Introducing: Nurture Nurture is simple on the surface but in reality, is beset with such deeper meaning and in-band conviction. The Saint John, New Brunswick duo were incepted into the realm of progressive guitar-music after their respective careers in and around the Pop-Punk and Alternative music scenes from playing to production.
Nurture Nurture is a band developed of cathartic, poignant and emotional honesty. The band’s 2019 employed a rough cut, gritty and abrasive take on Math-Rock beset with an exuberance away from the genre, moving on to exist upon its fringes. The two-piece plied the melodic, incessant twinkly noodling of the precision-cut genre with this onset grit and a weighted spasmodic bite befitting of the two-human station. Nocturnal Panic is a release that if you have time now or post literary absorption, you should sample – Here.
Thus far, 2020 has seen Nurture Nurture examine and battle alcoholism and the questing towards eventual sobriety. ‘Lonely Habits’ pushed a more vibrant vocal range while riding a low spasmodically alternating pace as the story unfolded. However, overall, the band’s first single of this year, although tributing the rough-cut earlier material, notably moved towards a better produced and driven sound.
This is where we find ‘Heart and Panic’.
Nurture Nurture market themselves as “guitar-driven” Math-Rock and outside of being pedantic, this is actually on the money. The inherent intricacy so prevalent in the genre is juxtaposed by an intensity borrowed from the band’s past. Jeffs Cook’s crooning Emo-esque vocals alternate in their own way between short, sharp accosting blasts to softer tones, before moving onward to an over-arching comparatively more Alternative Rock inclined display. Mental health is a constant theme of Nurture Nurture and throughout their work, the veracity and unpredictability of where that can take you is matched to their spasmodic and intense Math-Rock.
The complexities of past work are standing to attention but the focus is now less on the overt-nature of the native Math-Rock guitar and now rounded into a scarcely confined fifty-per cent.
The latter of theses halves are in no small part, owned by the thundering drumming of Scott Dincorn. On the band’s first release, the kit was simply doing its job. That’s not to say that said job wasn’t indeed done well, but no more than was necessary. With the previous single but particularly ‘Heart and Panic’, this is remedied. The guitar grit of Nurture Nuture in 2020 is refined but now heavier set. The vocal efforts of Cook are more diverse and larger in stature, adding grit to the band’s sound another way. However, neither of the previous would be worth their respective salt without Dincorn’s efforts in ‘Heart and Panic’. This I would also like to add, allows the strong, earnest and more mature Indie-Rock-leaning melodic Emo influence to negate any real criticism.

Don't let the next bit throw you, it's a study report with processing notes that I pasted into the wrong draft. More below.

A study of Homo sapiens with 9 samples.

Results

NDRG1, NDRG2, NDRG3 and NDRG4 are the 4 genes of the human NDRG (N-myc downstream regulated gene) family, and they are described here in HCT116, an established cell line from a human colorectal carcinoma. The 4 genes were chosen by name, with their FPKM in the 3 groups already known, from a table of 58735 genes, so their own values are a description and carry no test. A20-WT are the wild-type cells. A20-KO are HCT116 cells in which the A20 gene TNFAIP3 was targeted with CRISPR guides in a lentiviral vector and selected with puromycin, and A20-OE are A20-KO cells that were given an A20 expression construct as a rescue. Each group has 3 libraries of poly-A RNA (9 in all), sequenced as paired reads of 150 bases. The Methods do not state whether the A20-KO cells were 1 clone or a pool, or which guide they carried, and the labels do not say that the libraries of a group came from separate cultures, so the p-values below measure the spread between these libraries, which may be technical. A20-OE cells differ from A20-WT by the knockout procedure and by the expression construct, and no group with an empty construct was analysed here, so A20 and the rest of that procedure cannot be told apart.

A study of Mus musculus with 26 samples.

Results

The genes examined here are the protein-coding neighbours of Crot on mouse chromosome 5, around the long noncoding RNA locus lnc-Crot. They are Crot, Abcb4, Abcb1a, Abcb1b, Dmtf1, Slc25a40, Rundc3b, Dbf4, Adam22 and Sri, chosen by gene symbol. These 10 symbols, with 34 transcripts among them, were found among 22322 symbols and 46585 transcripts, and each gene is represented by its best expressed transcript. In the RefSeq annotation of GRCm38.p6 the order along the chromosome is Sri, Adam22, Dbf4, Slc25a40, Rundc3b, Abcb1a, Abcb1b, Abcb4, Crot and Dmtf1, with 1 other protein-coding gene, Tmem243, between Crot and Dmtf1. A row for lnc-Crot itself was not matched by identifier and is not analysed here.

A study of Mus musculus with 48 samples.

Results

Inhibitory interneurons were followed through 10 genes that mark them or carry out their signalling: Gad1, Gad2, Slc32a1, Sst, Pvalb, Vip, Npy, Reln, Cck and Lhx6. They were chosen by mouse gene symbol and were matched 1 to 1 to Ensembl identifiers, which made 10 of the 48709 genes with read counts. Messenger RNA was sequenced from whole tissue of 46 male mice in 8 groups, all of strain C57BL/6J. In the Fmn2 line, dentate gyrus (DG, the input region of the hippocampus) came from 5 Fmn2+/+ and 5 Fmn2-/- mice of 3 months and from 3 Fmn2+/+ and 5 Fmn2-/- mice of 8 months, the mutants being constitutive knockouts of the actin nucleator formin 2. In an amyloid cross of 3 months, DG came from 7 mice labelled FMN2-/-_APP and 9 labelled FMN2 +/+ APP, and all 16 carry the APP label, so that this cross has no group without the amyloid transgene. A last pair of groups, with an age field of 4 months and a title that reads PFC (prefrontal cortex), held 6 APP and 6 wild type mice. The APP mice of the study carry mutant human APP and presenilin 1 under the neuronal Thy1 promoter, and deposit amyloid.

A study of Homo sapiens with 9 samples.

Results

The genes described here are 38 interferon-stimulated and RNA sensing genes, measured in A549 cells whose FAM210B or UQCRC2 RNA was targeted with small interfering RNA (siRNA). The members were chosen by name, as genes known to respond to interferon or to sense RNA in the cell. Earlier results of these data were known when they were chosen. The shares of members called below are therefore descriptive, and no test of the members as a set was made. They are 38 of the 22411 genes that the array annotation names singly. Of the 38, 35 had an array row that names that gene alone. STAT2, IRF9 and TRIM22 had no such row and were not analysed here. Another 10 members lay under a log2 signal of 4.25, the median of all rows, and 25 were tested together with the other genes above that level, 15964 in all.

In a rather succinct nutshell, the robust foundation that Scott Dincorn offers allows this heavier, less complicated for the sake of it band to effortlessly rendition the loud-to-quiet and repeat formula. Nurture Nurture feel comfortable and able to move around this refined effort with relative ease. For all the attention I am giving the bravado of ‘Heart and Panic’, the track is nothing without its crucial contrast.
Onward from the ebbing thud post-2:16 until 2:34, the duo relents this drive for the most part. After one last foray, a looming mathed-Post-Rock-esqse bridge odes to the subtlety the genre can offer. This eventually leads to the driven weight of the band, which is this time tempered by harmonic backing vocals and a prevailing, consistent guitar-tone. This final part of ‘Heart and Panic’ despite its minute, quickfire spasmodic drum fills, allows the band to close their latest single with a simplified, natural contrast.
However, Nurture Nurture’s 2020 doesn’t end there. Like many, the band joined the rush to free as much of their music to world as possible before the years close. ‘Up There’ pushes the playful nature of the band with a robust yet eased socio-political jab. There no help from above for some and this is hammered home as is a need to provide and inspire hope.
Musically, ‘Up There’ channels the comparatively heavier intensity of the previous away and then back again via the band’s roots. The guitar work of ‘Up There’ is more aggressive yet still maintains a lighthearted approach and hopeful tone. The aforementioned hammering of the point is backed by this sharp, piercing guitar work and its re-channelled and complex intensity. ‘Up There’ bar its further mathed-Post-Rock refrains carried from ‘Heart and Panic’, further pushes the refined driven sound Nurture Nurture seem now to be confidently settled within. Introducing Nurture Nurture is nothing without resoundingly stating the importance of mental health awareness, again. This last single is yet another in this vein where the spasmodic nature of their rendition of Math-Rock matches the ups, downs and confusions of the internal emotional maelstrom. The message here is that everyone deserves love, hope and to be happy and that is where I’ll leave you.
That was Introducing: Nurture Nurture. Find them below!